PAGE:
Your Airway Microbiome Can Predict Asthma Flare-Ups, Study Finds

mbg Editorial Assistant By Abby Moore
mbg Editorial Assistant
Abby Moore is an Editorial Assistant at mindbodygreen. She earned a B.A. in Journalism from The University of Texas at Austin and has previously written for Tribeza magazine.
This Microbiome Might Determine The Severity Of Asthma, Study Finds

Image by Nicola Katie / iStock

More than 6 million children in the U.S. have asthma, according to the Asthma and Allergy Foundation of America. Some children might not experience any issues breathing, but for others a flare-up can lead to strained and painful breathing, making it the third-ranking cause of hospitalizations in children under 15.

Until now, scientists have had little understanding of the link between airway microbiota and asthma attacks. A new study published in Nature Communications, however, found specific bacteria present in the upper airway microbiome that might predict the severity of asthma in children. 

Researchers from Washington University School of Medicine studied data from 214 children between 5 and 11 years old, each with moderate or mild asthma. 

When children showed warning signs of asthmatic episodes, they were more likely to have three types of bacterial groups (Staphylococcus, Streptococcus, and Moraxella) present in their upper airway passages.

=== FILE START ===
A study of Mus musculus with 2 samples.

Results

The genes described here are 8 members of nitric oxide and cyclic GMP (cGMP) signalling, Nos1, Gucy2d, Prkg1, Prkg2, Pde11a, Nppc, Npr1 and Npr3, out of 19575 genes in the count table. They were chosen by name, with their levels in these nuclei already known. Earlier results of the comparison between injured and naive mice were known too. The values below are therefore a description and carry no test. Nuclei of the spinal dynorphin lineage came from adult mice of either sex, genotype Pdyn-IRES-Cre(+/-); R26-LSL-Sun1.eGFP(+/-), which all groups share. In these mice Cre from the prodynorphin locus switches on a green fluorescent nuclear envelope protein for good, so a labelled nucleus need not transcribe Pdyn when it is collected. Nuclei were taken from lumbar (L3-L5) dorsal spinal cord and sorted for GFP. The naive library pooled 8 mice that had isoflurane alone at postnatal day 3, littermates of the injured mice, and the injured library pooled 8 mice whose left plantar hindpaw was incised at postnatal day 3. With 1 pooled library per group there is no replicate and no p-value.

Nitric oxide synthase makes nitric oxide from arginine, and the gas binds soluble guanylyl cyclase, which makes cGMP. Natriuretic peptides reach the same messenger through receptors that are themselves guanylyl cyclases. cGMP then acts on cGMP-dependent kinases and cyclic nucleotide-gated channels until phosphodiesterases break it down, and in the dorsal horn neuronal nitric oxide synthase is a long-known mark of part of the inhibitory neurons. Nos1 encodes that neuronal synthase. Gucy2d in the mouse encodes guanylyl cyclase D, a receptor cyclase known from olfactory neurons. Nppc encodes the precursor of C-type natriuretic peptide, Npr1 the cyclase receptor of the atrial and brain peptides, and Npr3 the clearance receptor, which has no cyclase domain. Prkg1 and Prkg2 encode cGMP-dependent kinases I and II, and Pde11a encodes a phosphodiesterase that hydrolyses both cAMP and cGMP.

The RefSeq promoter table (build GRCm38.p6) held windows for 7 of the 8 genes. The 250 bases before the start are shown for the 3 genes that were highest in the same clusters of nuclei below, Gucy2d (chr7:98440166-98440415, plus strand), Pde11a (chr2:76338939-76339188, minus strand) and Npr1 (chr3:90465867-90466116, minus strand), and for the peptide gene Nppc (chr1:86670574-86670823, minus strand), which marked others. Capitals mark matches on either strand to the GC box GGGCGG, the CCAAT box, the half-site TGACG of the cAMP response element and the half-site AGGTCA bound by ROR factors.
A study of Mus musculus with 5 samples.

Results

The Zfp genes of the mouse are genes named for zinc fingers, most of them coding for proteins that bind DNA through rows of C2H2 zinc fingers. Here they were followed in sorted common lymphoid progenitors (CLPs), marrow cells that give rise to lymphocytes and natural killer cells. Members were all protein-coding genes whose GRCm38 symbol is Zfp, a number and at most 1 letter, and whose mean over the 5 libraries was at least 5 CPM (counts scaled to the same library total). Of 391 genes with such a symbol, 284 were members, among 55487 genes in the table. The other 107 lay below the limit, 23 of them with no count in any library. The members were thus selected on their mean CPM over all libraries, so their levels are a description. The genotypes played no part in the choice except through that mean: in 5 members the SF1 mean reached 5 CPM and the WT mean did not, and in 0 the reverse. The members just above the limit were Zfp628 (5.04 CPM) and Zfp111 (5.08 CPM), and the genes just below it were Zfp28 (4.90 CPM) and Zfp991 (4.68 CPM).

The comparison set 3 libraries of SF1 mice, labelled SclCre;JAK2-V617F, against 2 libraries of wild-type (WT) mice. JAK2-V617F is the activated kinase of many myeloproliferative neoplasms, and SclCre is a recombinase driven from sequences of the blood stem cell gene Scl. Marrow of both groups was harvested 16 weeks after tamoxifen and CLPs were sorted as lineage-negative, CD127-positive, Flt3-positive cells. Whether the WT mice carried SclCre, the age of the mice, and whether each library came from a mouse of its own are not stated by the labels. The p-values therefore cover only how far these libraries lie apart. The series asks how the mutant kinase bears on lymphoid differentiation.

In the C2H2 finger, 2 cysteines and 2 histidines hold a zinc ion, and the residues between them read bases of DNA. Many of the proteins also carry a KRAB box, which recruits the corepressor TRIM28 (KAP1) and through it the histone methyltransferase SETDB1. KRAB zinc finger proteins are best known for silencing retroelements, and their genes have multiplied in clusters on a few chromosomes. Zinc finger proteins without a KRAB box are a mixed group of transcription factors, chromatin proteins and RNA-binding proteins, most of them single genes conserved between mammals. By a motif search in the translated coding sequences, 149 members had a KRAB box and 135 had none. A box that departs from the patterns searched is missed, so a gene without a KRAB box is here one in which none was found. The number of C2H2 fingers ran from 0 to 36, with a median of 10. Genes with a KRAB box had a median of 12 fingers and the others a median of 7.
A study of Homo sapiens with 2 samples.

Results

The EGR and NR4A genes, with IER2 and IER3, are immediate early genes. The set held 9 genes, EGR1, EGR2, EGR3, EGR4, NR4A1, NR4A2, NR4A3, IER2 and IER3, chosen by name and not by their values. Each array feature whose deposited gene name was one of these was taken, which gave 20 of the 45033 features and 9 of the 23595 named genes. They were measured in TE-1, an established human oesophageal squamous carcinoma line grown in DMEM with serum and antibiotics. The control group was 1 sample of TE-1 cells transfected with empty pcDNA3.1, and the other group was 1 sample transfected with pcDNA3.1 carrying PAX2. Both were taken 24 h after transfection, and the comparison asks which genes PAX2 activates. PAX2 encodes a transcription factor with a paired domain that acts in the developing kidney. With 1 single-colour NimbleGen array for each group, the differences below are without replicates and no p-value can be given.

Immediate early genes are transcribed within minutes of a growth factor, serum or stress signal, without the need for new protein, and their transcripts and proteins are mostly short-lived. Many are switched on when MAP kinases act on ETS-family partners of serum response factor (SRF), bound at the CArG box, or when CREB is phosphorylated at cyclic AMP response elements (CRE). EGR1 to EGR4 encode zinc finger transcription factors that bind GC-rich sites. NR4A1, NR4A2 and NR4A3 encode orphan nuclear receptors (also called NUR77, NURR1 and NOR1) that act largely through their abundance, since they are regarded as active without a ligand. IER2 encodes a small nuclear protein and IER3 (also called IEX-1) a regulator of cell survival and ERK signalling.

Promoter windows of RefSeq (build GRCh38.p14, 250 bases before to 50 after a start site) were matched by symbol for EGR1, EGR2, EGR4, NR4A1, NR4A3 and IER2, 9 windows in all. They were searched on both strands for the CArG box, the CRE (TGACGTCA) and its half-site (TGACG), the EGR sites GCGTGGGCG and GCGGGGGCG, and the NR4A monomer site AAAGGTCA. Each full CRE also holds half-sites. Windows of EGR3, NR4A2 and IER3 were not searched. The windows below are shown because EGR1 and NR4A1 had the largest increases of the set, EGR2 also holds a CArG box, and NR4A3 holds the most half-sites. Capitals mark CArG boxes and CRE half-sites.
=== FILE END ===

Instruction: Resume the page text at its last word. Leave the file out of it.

Opposite of that, children who had Corynebacterium and Dolosigranulum bacteria were more likely to experience good health and not be affected by their asthma. 

When airway microbiomes shifted from the two good bacterias to suddenly being dominated by Moraxella, children were at the highest risk of developing worsening conditions. Other shifts in the microbiome did not have significant effects.

"Asthma exacerbations have high impact on children, their families, the health care system, and may lead to subsequent decline in lung function," the study says. By identifying potential triggers, researchers hope they can manipulate the microbiome to prevent them and in turn reduce future respiratory illness and wheezing.

"If we somehow supplement such patients with what appear to be good bacteria, will they do better?" That's the question senior author Avraham Beigelman, M.D., is asking. "We are interested in studying whether we can deliberately alter the airway microbiome to reduce the risk of worsening asthma symptoms," he said in a news release.

In the meantime, here are some natural ways to treat your child's asthma and other chronic inflammation, according to a pediatrician. 

Ready to learn how to fight inflammation and address autoimmune disease through the power of food? Join our 5-Day Inflammation Video Summit with mindbodygreen’s top doctors.